In the ever-evolving landscape of cyberthreats, understanding common attack methods used by threat actors is crucial to fortifying defenses. In this blog, we provide clarity on their methods and malicious purposes, as well as where these common tactics fall in the stages of an attack. With this knowledge, you can guide your customers on how to properly safeguard against these constant dangers.

Business Email Compromise

What it is: Business Email Compromise (BEC) is a sophisticated scam where cybercriminals gain unauthorized access to a legitimate business email account, typically through phishing or credential theft. They then use this access to impersonate employees or executives and carry out fraudulent activities.

How it works: Once attackers compromise an email account, they may send convincing emails to colleagues, partners, or financial personnel, requesting wire transfers, sensitive data, or other actions. The recipient, believing the request is legitimate, complies.

Prevention Tips: Implement two-factor authentication (2FA) for email accounts to add an extra layer of security. Train employees to recognize BEC tactics and verify any unusual financial requests through a separate communication channel. Regularly monitor email account activity for suspicious logins.

Compromised Credentials or Weak Password Attacks

What it is: In this threat, attackers exploit weak passwords or obtain login credentials from data breaches to gain unauthorized access to user accounts, network systems, or online services.

How it works: Attackers use methods like password cracking, dictionary attacks (common passwords), or credential stuffing (using known usernames and passwords) to gain access to accounts. They may also purchase stolen credentials on the dark web.

Prevention Tips: Encourage the use of strong, unique passwords for each account. Implement multifactor authentication (MFA) whenever possible to provide an additional layer of security. Regularly update passwords and educate users about password hygiene practices.

External-Facing Remote Services

What it is: Cybercriminals target external-facing services like Remote Desktop Protocol (RDP) or Virtual Private Network (VPN) connections to gain access to networks or systems.

How it works: Attackers search for vulnerabilities in RDP, VPN, or other external services, or use brute force attacks to guess login credentials. Once they gain access, they can move further within the network and compromise sensitive data.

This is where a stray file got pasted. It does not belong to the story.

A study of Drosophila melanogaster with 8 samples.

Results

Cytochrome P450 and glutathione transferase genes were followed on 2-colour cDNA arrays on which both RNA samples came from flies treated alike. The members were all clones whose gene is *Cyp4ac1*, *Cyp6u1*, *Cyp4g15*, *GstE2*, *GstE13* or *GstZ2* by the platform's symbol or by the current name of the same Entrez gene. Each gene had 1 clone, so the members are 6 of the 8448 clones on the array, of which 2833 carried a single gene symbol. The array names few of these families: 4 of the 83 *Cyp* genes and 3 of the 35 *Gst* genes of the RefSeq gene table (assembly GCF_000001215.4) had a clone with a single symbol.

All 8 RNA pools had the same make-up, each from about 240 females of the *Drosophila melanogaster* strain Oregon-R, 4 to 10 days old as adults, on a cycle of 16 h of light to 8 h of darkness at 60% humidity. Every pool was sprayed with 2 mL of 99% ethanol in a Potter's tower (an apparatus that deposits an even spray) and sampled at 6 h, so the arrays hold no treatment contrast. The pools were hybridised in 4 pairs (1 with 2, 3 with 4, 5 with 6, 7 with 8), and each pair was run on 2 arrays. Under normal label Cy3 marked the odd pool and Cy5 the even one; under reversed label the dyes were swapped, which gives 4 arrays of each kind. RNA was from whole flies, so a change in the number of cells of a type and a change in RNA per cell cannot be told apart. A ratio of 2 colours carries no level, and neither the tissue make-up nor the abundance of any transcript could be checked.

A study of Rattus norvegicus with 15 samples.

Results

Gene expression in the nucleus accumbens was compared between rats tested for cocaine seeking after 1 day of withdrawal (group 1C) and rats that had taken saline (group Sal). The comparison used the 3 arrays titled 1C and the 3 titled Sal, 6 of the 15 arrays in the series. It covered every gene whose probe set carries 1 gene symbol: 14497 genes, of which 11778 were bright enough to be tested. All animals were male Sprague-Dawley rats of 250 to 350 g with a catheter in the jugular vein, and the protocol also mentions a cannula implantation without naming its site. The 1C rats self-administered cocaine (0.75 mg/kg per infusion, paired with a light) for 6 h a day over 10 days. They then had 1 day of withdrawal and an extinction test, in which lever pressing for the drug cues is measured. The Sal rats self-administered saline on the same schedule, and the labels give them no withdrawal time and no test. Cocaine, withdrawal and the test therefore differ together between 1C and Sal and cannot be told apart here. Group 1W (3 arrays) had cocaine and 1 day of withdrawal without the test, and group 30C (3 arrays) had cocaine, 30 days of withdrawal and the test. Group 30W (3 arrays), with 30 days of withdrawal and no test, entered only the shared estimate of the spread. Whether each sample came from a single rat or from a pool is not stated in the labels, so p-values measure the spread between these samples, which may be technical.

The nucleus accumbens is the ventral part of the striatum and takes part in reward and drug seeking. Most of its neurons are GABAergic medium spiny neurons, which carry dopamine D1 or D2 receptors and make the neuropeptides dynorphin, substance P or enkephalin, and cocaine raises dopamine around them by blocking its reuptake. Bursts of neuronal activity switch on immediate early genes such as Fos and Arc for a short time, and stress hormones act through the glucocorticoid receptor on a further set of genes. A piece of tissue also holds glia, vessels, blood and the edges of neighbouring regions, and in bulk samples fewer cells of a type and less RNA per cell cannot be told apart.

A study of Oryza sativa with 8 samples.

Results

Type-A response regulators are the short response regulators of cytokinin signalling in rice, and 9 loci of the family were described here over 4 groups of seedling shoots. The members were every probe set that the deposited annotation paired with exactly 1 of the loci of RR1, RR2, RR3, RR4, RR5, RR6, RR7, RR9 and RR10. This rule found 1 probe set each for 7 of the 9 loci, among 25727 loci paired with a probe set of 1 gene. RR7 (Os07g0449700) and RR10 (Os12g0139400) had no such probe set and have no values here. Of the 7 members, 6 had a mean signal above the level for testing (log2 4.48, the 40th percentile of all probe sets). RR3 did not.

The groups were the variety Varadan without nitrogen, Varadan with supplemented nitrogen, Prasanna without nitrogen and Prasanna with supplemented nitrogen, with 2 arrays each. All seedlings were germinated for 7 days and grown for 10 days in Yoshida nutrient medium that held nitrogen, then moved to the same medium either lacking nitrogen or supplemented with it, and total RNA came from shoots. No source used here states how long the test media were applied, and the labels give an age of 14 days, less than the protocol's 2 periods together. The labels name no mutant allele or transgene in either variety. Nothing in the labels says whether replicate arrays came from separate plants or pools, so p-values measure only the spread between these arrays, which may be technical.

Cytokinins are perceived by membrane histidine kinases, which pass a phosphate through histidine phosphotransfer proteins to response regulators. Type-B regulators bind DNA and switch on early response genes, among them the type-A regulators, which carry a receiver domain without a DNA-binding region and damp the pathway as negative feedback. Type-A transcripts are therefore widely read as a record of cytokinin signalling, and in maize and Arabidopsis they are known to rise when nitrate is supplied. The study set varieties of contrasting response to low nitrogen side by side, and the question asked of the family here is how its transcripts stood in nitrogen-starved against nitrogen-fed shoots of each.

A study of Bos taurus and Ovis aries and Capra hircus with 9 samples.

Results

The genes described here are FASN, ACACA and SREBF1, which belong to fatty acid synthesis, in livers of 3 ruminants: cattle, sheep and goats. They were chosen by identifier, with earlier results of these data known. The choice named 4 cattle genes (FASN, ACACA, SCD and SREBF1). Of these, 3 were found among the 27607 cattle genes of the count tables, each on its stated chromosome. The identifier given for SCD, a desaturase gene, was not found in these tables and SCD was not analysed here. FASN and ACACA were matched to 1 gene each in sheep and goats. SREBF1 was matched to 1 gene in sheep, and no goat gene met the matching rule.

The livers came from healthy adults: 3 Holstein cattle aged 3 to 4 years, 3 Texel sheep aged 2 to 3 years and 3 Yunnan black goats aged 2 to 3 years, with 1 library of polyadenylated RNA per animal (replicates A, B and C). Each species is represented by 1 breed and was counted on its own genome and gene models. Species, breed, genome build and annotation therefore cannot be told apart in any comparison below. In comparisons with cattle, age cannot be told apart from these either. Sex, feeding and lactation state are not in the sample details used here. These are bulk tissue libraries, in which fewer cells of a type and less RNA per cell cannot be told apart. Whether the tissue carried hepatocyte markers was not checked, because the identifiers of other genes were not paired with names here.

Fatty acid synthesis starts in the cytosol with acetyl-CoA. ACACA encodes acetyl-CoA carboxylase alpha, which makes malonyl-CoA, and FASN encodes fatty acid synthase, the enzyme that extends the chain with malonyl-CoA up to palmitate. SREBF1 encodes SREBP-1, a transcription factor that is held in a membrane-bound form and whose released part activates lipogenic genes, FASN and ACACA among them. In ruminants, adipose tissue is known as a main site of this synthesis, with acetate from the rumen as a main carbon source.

Prevention Tips: Keep RDP and VPN software up to date with the latest security patches. Configure access controls and firewall rules carefully to restrict access to authorized users and IP addresses. Enforce strong authentication methods for remote access.


What it is: Phishing is a deceptive tactic where cybercriminals send fraudulent emails or messages that appear legitimate, often mimicking trusted organizations or individuals. These messages aim to trick recipients into disclosing sensitive information like login credentials, credit card numbers, or personal data.

How it works: Phishing emails contain links to fake websites designed to capture login information, or malicious attachments that install malware on the victim’s device. Attackers often employ social engineering techniques to create a sense of trust or urgency.

Prevention Tips: Be cautious when receiving unsolicited emails, especially those requesting sensitive information. Verify the sender’s email address and check for signs of phishing (e.g., misspelled URLs, generic greetings). Avoid clicking on suspicious links or downloading email attachments from unknown sources. Use email filtering tools and security software to detect and block phishing attempts.

Malware and Ransomware

What it is: Malware, short for “malicious software,” refers to any software designed to harm or gain unauthorized access to devices or systems. This includes viruses, worms, trojans, spyware, ransomware, and more. Ransomware, specifically, encrypts a victim’s data and demands a ransom payment for decryption. Malware and/or ransomware are the part of an attack typically referred to as the payload, which allows further malicious actions to take place.

How it works: Malware operates by exploiting vulnerabilities or using deceptive tactics to infiltrate computer systems. It can enter your device or network through various vectors, such as infected files, email attachments, malicious links, or compromised websites. Once inside, malware can steal sensitive information, disrupt system operations, or provide attackers with unauthorized access to your device or network. Ransomware operates in a similar manner, but typically steals information and encrypts all the data to be held for ransom.

Prevention Tips: Install reputable antivirus and anti-malware software and keep all software and operating systems up to date. Be cautious when downloading files or clicking on links from unknown sources. Regularly back up critical data and systems to recover from ransomware attacks without paying the ransom.


In an interconnected world, the importance of cybersecurity cannot be overstated. The threats we’ve explored, from business email compromise to ransomware, are relentless and always evolving. But with knowledge comes power. By staying informed and adopting proactive security measures, we can shield ourselves and our organizations from falling victim to these malicious tactics. Remember to continuously update your defenses, educate your teams, and foster a culture of cybersecurity awareness. Vigilance is our best defense in the digital age. Together, we can navigate the complex landscape of cyberthreats and emerge stronger, safeguarding our digital lives and securing our valuable data.